Written by David Tebbutt, MicroScope 11/84 item 02 - scanned

I just read an article by a real twerp who told the tale of his search for a micro. You'll recognise the type immediately if I tell you that he didn't really intend to look for a micro, he only wanted his typewriter fixed. One thing led to another, as they say, and within a few days he'd looked at auto-correcting typewriters, typewriters with single line displays and then, to the eternal regret of at least fifteen dealers, he discovered the microcomputer.

Our hero decided to look around and pick as many brains as possible before stuffing his money into some lucky (?) trader's mitt. He started with friends, well friends of friends actually. He pumped these anonymous and uncounted pundits for all the advice he could get. It was typical of our hero that he rejected the consensus advice which was to get an idea of his software requirement before looking at hardware. Well, actually the way it reads in the article he completely misunderstood the advice offered.

Still, with a firm sense of purpose and a budget of £2000 he set off to find his ideal system. He wanted word processing, accounts and 'educational' software.

Now for his confession. He checked his diary and discovered that his quest had taken him to 15 dealers who had provided him with 25 demonstration sessions. Later in the article he describes a two hour demonstration as being inadequately short. My heart bleeds for him. If we say he consulted five 'friends of friends' and spent, what, an hour with each of them and averaged his demonstrations at 'an inadequate' two hours each, we find he has consumed 55 hours of other people's time. If we cost their time at a modest £20 per hour, we find this cretin had 'spent' £1100 of other people's money in the search for his £2000 system. And, at this stage, he hadn't even bought anything.

I don't know whether to cry for our hero or for the dealers who got suckered in to his little game. No doubt some suppliers got his measure early on and probably sent him away with a flea in his ear. One chap announced after about three hours that he couldn't give any more time unless he agreed to buy. Our hero seemed offended by this. Yet people fell over backwards to help him. Some even offered ripped off software in order to clinch the deal. Little did they know that our impecunious friend had morals too. Either that or he derived pleasure from making dealers squirm.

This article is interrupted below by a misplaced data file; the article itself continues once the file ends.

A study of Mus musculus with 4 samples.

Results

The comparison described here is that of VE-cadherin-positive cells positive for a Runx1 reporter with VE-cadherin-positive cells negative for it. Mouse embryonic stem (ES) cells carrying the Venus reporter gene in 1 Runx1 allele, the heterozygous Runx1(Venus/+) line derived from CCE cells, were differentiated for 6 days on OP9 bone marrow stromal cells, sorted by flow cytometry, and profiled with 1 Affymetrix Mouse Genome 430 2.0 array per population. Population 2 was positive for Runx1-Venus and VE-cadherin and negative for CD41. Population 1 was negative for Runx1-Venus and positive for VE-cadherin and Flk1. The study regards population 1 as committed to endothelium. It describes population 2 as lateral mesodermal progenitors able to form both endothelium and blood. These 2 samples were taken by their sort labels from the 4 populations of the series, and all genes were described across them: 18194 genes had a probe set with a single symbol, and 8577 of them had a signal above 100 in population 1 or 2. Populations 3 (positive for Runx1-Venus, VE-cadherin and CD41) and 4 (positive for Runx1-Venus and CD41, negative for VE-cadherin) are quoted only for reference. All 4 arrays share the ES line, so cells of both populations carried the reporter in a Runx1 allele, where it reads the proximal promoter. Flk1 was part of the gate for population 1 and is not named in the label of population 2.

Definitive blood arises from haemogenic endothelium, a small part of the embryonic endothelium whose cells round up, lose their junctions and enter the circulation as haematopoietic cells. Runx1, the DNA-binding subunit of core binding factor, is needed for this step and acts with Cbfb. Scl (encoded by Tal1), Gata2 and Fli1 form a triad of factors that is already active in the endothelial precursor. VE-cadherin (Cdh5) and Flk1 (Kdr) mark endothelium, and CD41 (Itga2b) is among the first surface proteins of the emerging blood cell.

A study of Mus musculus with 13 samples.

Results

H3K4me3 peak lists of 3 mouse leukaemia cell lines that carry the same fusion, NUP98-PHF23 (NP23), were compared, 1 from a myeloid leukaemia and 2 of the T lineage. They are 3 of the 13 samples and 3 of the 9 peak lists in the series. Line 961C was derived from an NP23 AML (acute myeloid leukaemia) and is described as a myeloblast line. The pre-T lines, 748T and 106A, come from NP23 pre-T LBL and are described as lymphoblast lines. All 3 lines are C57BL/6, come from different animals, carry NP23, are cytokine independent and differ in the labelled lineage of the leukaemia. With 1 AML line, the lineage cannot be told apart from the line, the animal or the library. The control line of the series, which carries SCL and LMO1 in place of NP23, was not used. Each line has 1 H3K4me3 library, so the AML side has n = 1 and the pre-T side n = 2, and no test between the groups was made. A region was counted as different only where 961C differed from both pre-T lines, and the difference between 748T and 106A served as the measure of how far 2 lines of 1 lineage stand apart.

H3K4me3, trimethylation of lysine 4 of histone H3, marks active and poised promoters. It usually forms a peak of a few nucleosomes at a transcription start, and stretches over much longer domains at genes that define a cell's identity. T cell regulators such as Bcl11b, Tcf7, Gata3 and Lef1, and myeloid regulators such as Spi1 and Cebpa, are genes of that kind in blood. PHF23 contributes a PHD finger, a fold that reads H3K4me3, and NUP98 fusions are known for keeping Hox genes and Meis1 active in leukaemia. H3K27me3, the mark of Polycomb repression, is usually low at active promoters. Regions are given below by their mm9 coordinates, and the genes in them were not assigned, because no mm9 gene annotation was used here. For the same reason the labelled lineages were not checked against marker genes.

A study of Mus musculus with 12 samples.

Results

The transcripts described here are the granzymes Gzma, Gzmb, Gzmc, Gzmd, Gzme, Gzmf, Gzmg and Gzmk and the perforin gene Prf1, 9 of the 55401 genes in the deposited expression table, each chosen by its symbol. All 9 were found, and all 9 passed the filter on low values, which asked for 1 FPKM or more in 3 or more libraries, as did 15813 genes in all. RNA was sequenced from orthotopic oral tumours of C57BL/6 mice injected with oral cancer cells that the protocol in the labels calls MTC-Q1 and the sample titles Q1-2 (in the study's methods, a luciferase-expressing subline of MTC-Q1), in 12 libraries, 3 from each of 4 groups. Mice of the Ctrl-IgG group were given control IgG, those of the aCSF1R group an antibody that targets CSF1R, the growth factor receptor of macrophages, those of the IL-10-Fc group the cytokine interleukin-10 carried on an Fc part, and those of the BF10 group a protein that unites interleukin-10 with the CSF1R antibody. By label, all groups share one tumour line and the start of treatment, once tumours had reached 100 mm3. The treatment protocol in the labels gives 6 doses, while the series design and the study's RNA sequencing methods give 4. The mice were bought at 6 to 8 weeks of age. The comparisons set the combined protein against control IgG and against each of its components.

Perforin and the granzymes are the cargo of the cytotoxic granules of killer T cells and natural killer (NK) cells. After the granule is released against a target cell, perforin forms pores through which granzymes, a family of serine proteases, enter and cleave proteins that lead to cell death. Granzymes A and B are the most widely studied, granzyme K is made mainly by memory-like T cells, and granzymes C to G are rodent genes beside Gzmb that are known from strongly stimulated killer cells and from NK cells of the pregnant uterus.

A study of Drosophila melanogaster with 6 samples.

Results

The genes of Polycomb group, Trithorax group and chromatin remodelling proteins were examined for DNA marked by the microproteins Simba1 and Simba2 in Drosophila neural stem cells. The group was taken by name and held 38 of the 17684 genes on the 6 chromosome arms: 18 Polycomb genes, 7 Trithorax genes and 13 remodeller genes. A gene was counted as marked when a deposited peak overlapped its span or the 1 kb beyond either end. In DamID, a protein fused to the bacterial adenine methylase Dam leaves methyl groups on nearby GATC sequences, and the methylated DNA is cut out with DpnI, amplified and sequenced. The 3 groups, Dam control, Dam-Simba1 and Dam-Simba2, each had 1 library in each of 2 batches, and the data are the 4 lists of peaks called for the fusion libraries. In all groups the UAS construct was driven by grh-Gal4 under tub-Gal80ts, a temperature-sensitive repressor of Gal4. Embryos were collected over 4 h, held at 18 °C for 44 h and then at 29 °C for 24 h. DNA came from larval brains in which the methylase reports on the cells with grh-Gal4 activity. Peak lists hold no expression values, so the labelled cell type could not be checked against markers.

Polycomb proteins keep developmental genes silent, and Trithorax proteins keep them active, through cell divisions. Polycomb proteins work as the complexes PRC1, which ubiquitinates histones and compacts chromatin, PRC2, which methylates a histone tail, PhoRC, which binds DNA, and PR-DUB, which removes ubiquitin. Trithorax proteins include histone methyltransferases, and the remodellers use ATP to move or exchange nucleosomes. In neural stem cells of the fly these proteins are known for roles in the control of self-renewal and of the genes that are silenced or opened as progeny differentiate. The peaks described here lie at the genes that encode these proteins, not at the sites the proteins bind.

By this time our friend's shopping list had grown. He decided he'd like to become 'computer literate' too. He thought that a couple of languages would do the trick. This is when he started his second round of investigations. Groan.

Okay, so a lot of the staff he encountered didn't know much about the products they were demonstrating. That was when he took to calling manufacturers or their UK agents. Not surprisingly, he found the general level of product knowledge superior to that possessed by the demonstrators. What a wally. He eventually bought a machine. Four days later he was back in the shop, moaning about something or other. The supplier offered him his money back. That was probably the soundest business decision that dealer made this year. (The unsoundest was trading with this gent in the first place.)

I don't know how many prospects for hardware and software are like our friend. My instinct tells me that a high proportion are a bit, but nowhere near as persistent and expensive as our wee chum.

It is clear that dealers simply can't afford to sell stuff properly at present prices. We either need to educate the user to buy computers like they buy cars or we need to charge sensible consultancy fees for the advisory period both before and after the sale. Alternatively, we could opt for very rigid qualification, but that means a lot of genuinely confused people won't be able to buy from professional companies. They'll end up buying from the bucket shops and get reinforcement of their negative feelings towards this industry.

The 'consumer' approach towards selling computers and software does lead to unrealistic expectations on the part of the user. We are creating rods for our own backs every time we say that a computer will solve all known problems. Perhaps we avoid telling the truth and charging modest consultancy fees because we don't want to frighten the punter away to someone who is prepared to gloss over the realities. But, frankly, I can't help concluding that honesty really is the best policy. We may lose the odd customer when presented with an unpalatable reality but in the long run it may be the only way to gain credibility and a reputation for straight dealing. It would also encourage the wallys to do their 'research' in their own time and at their own expense.